Uncertainty Over the ACA Repeal Has Many States Scrambling for Health Insurance Coverage

The California state exchange, Covered California, is pumping millions of additional dollars into its marketing budget to promote ACA enrollment, and it’s giving the federal government an extra month to commit to paying next year’s cost-sharing reduction subsidies before it allows insurers to hike 2018 rates.

To keep insurers from exiting the exchanges, Covered California also said it will allow those plans that incur unexpected losses due to federal policies and uncertainty, such as that around the enforcement of the individual mandate, to recoup those losses over the next three years. The ACA gives state regulators the power to limit insurers’ profits.

The steps taken by Covered California are just one example of how state-based exchanges could mitigate the problems caused by the uncertain policy environment. Several other states, including Delaware, have announced that next year they will not participate in the exchanges. The insurers blame financial losses and mounting uncertainty over federal funding and rules that govern the exchanges.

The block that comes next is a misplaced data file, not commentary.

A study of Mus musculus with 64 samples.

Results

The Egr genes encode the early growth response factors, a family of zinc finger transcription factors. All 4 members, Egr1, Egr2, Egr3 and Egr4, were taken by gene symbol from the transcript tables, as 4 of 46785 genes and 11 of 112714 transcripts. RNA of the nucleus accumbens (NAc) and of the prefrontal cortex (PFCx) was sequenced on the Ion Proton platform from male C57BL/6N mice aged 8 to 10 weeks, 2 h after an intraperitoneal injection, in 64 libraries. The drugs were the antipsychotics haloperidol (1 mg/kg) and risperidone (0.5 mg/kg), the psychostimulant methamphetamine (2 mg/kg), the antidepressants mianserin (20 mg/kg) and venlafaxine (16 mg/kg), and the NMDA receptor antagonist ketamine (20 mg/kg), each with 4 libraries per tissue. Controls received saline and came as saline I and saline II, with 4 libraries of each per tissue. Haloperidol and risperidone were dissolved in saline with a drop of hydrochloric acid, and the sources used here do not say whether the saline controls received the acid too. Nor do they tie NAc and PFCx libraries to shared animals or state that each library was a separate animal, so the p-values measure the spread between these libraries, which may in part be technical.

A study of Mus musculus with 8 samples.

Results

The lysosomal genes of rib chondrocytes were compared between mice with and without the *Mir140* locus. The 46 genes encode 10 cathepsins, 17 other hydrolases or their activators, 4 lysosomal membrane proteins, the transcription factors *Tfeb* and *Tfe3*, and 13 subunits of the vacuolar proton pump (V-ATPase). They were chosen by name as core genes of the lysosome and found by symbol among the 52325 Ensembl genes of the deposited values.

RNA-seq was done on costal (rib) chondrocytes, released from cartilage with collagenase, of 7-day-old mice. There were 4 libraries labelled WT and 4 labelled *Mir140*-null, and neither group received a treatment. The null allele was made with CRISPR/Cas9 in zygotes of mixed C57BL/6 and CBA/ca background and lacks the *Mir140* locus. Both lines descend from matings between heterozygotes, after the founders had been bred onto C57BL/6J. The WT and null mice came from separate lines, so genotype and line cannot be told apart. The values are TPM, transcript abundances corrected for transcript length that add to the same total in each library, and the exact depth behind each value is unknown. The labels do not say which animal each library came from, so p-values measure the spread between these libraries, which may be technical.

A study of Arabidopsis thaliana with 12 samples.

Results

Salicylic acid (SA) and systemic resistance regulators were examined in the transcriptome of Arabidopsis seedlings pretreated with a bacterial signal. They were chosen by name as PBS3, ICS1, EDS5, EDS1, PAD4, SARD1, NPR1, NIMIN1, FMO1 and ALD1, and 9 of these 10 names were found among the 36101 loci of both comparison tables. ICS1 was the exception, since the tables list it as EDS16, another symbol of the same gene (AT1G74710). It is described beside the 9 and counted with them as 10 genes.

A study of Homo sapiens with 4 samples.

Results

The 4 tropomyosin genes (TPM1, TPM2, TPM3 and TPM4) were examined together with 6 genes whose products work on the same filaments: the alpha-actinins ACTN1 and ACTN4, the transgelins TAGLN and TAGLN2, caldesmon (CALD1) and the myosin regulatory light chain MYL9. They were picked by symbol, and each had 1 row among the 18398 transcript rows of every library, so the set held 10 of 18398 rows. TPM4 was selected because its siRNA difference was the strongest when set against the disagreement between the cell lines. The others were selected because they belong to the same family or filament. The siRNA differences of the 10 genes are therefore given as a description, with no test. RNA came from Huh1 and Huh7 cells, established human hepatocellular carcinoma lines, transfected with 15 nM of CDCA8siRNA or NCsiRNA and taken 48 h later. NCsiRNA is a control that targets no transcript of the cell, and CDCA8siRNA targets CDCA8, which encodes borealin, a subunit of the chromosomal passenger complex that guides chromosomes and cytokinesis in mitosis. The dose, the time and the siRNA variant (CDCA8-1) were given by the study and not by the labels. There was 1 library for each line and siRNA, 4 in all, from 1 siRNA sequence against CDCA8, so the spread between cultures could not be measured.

Blue Cross and Blue Shield of Kansas City says it plans to withdraw from Obamacare next year, citing big losses and uncertainty. The move would leave nearly 19,000 residents in Western Missouri without a coverage option unless another carrier steps in. It said that it’s lost more than $100 million on ACA plans in the three years since the exchanges opened.

Anthem said it won’t participate in Ohio’s ACA exchange next year, citing growing uncertainty over the law’s future. The move will leave about 10,500 Ohio residents in at least 18 counties without an insurance option on the exchange unless another carrier steps in.

As one can see the ACA is in turmoil, but even where the ACA exchanges are functioning, healthcare providers must deal with huge out-of-pocket ACA deductibles, which are straining revenue cycles across the country. Patient financial responsibility has grown from 23.3 percent to 26.9 percent for outpatients and 10.2 percent to 12.1 percent for inpatients.

In 2017, the out-of-pocket maximum for ACA can range from $7,150 for an individual plan to $14,300 for a family plan before marketplace subsidies kick in. Healthcare providers are struggling with collection rates as they try to adapt to increasing patient responsibility amounts for insured self-pay co-pays and deductibles.

Compounded with the “shaky” status of the ACA, this high deductible trend is expected to grow over the next few years. As a result, both patient liability and bad debt are on the rise and healthcare providers are experiencing unprecedented revenue and margin pressure. Hospitals and clinics have become like retail organizations, which need to provide their consumers with access to payment capabilities at point of service, via the web, through payment plans, and more.

Payers need to continue to monitor their risk score, health of their members and utilization in order to succeed in the ACA market place.